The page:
10 Minor Drawbacks for Magic Items

Magic items are great. Adventurers crave them and learned spellcasters charge exorbitant fees to craft them for their wealthy clients. Sometimes, though—for some reason or another—the magic item has some minor drawback or another.

By William McAusland

By William McAusland


Such drawbacks are not normally life-threatening; rather they add a sense of uniqueness to the item in question. Alternatively, these drawbacks could serve as a subtle clues to otherwise hidden, unguessable powers.

Use the table below, to determine the item’s minor drawback:

  1. The item occasionally—and seemingly randomly—radiates light equal to that of a candle. The owner cannot control when this light appears or disappears.
  2. This item’s crafter was a glutton. During the crafting process he transferred some of his cravings to the item. Thus, the owner almost always feels hungry. His appetite would put a starving halfling’s to shame.
  3. Shadows cluster thickly about the item, creating an aura of gloom and a faint feeling of foreboding for the owner, whenever it is used.
  4. The item is 50% heavier than normal, but otherwise appears normal.
  5. When in use, the item often glows with a random bright light. Roll 1d8: 1—red, 2—orange, 3—yellow, 4—green, 5—blue, 6—indigo, 7—violet, 8—no colour. This makes hiding or using the item surreptitiously difficult at best.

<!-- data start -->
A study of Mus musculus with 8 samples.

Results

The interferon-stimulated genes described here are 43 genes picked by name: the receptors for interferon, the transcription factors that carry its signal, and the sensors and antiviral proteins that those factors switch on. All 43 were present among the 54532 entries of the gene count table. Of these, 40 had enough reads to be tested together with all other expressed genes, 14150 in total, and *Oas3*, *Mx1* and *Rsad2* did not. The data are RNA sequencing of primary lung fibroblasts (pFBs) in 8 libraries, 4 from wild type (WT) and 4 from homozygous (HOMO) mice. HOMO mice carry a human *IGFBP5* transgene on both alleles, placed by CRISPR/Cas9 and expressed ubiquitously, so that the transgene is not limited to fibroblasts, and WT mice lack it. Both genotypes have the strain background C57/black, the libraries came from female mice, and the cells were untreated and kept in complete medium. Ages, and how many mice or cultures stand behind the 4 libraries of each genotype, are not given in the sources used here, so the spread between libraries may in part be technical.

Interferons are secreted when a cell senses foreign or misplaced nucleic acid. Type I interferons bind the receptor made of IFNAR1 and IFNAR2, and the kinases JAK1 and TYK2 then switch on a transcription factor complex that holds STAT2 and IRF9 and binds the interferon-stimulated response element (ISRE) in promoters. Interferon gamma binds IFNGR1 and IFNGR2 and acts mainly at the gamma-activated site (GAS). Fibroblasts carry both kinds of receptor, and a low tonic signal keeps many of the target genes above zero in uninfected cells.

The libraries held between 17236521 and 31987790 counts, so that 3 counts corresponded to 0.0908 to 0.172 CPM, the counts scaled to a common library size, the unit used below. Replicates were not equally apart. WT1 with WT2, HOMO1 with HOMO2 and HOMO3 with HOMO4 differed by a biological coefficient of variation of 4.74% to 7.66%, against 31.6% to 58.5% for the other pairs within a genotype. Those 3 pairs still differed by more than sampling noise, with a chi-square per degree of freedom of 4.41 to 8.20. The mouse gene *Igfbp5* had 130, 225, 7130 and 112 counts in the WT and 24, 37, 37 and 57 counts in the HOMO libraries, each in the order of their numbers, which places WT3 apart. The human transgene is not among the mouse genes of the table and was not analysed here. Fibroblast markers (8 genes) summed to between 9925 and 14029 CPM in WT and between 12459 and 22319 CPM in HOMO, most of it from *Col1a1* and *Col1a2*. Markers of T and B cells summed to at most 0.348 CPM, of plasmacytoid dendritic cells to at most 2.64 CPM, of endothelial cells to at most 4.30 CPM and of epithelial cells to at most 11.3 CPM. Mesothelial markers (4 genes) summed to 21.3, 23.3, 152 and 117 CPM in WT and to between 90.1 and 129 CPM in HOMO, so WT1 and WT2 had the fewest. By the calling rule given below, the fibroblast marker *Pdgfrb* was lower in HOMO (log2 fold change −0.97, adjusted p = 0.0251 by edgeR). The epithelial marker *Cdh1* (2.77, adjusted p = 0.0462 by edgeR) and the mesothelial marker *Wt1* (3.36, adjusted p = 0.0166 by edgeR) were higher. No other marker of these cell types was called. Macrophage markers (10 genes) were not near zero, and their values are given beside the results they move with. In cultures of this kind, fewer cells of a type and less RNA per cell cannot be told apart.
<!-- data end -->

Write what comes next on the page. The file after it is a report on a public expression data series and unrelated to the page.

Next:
6. The owner’s finger and toe nails grow at a prodigious rate; necessitating their trimming on almost a daily basis.
  7. When the item is held or worn, bright light dazzles the owner and makes her eyes water in a similar way to how drow suffer in bright light.
  8. At some point in the past, the item was exposed to a smell anathema to dogs. Dogs and wolves will not willingly approach the owner. Indeed, they bark and bare their teeth if the item’s owner approaches them.
  9. Whenever the item’s owner uses its power, he hears a faint whispering coming from some indefinable source. The whispering is too quiet to make out any actual words and no one else can hear it.
  10. Owning the item proves disastrous for the possessor’s hair. Over the first few weeks of ownership, the owner’s hair turns progressively greyer. After a month, it begins to fall out. Getting rid of the item reverses this process over a similar amount of time.